You don’t have to be 21 years old or older to contribute to the development of the society or to unite people in solving some of the global problems. The EU supports the young enthusiasts who are not afraid of doing so by creating various initiatives for their development e.g., Young European Ambassadors initiative, Au Pair, Erasmus+, education or civil society actions grant programmes, etc. The European Commission supports the inclusion of young people in democracy and society, for example, through dialogue with young people. Promoting a healthy lifestyle and helping cooperation between schools, youth workers, health workers, and sports organizations are among its central aims.
On August 12, 2020, the international community celebrates the International Youth Day (IYD). This year’s IYD seeks to spotlight youth engagement at the local, national, and global levels. There are many inspiring examples of young people who changed the international agenda. In this article, I will highlight the stories of Felix Finkbeiner, Malala Yousafzai, Greta Thunberg, and Volodymyr Charushyn to show the impact that youth may make without any regard to their age, the topic they work with, or the country they are from.
Felix Finkbeiner, a German boy who was inspired by Wangari Maathai, founded the international tree-planting and environmental advocacy organization Plant-for-the-Planet when he was nine years old. “Children could plant one million trees in every country on the earth and thereby offset CO2 emissions all on their own, while adults are still talking about doing it,” he suggested to his class while giving a presentation on global warming. Felix planted a tree and launched the organization on March 28, 2007. At the age of 10, he spoke in front of the European Parliament and at the age of 13 at the UN General Assembly. Nowadays, Plant-for-the-Planet organization has already planted 13.48 billion trees worldwide, and its goal is to reach a number of 1 trillion trees. But they seem to have no limits!
Malala Yousafzai, a Pakistani activist for female education and the youngest Nobel Prize laureate. Her father was an activist and educator as well. He established the school where Malala used to study. In 2007, when she was 11 years old, she became famous for blogging for the BBC about her life under the Taliban regime. In 2012, the Taliban tried to assassinate Malala on the bus on her way back home. She survived but underwent several operations in the UK, where she lives today. On her 16th birthday, she spoke at the UN headquarters in New York, the same year her autobiography “I Am Malala: The Story of the Girl Who Stood Up for Education and was Shot by the Taliban” was released. In 2015, she founded a school for the Syrian refugee girls in Lebanon. She continued her struggle and became a budding advocate of girl’s rights.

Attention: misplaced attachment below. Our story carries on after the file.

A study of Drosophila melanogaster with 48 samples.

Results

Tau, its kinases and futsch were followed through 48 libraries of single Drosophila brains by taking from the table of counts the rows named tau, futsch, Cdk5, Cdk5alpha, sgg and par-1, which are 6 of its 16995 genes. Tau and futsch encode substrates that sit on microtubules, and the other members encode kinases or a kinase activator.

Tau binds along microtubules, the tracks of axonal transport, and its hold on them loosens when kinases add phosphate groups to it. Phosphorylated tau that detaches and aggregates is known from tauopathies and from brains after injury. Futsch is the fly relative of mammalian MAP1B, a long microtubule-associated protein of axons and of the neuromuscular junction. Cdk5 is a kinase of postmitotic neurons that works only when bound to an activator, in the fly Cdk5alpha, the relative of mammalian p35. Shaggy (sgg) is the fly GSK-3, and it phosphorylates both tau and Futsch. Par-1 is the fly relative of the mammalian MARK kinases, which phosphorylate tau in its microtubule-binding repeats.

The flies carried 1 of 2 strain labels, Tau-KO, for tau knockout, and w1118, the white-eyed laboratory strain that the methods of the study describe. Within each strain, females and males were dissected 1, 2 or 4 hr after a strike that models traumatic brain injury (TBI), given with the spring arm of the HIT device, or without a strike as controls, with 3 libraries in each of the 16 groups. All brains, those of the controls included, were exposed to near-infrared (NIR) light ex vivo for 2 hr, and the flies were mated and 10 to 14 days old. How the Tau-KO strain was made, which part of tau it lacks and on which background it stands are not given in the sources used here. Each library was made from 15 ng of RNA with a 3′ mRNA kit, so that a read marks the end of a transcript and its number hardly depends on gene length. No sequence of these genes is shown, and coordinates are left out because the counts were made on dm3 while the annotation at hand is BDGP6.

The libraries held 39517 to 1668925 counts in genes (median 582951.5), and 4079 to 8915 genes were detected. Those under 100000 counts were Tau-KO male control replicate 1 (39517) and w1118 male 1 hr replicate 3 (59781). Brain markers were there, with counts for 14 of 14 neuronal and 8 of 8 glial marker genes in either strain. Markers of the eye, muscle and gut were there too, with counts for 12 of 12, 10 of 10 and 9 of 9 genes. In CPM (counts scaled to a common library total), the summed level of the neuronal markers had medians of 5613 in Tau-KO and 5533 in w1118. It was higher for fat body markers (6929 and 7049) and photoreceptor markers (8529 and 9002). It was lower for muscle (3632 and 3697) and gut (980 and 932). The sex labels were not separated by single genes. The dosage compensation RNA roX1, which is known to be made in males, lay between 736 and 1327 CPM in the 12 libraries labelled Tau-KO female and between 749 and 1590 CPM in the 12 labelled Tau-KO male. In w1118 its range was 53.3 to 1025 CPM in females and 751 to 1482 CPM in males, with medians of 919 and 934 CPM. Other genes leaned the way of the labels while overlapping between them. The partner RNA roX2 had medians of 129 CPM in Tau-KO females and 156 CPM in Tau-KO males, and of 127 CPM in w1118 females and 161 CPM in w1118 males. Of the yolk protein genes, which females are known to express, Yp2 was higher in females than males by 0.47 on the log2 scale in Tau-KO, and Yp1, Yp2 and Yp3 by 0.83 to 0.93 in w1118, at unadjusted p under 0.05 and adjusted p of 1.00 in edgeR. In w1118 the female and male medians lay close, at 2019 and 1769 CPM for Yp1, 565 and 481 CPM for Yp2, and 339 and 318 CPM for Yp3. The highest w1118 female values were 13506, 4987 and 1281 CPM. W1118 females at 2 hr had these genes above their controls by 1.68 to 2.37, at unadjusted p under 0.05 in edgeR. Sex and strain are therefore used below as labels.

Volodymyr Charushyn, a Ukrainian boy with hearing impairments who created a project aimed at overcoming communication boundaries between people who have such impairments and those who don’t. At the age of 16, he took part in the UPSHIFT Ukraine program provided by UNICEF, EU, and Kharkiv Professional Development Fund. During the project, Volodymyr and his team organized different events to promote deaf culture and ruin the stereotypes. Besides, they created an interactive dactyl alphabet, which can be found now in various Kharkiv parks and playgrounds. In November 2019, he spoke at the UN General Assembly and presented his vision of the inclusion of people with disabilities into society.
Greta Thunberg, a Swedish environmental activist and creator of the worldwide Fridays For Future action. In May 2018, when Greta Thunberg was 15, she became one of the winners of the climate articles competition organized by the Swedish newspaper Svenska Dagbladet. The newspaper published her article, and she was contacted by activist Bo Thorén from the environmental organization Fossilfritt Dalsland. Thunberg attended several of their meetings, and at one of them, Toren expressed the idea that schoolchildren could go on strike against climate change. Greta started her protest sitting beneath the Swedish parliament with the poster “School strike for climate.” During the year, she has been gaining popularity in social networks and media, met with scientists, politics, and celebrities, took part in Fridays For Future actions around the world, and, finally, she took part in the UN summit on climate change in New York. She faces lots of critics, but she also has inspired thousands of people to rethink their attitude toward the environment.
Accordingly, these young people prove that your age, social status, and beliefs don’t mean that you do not have a voice. “Faith is taking the first step even when you don’t see the whole staircase,” said Martin Luther King Jr. Despite everything, the heroes of this article believed in their ideas and endowed others with their faith. They have proven that each of us can make the world better.
All information is taken from open sources.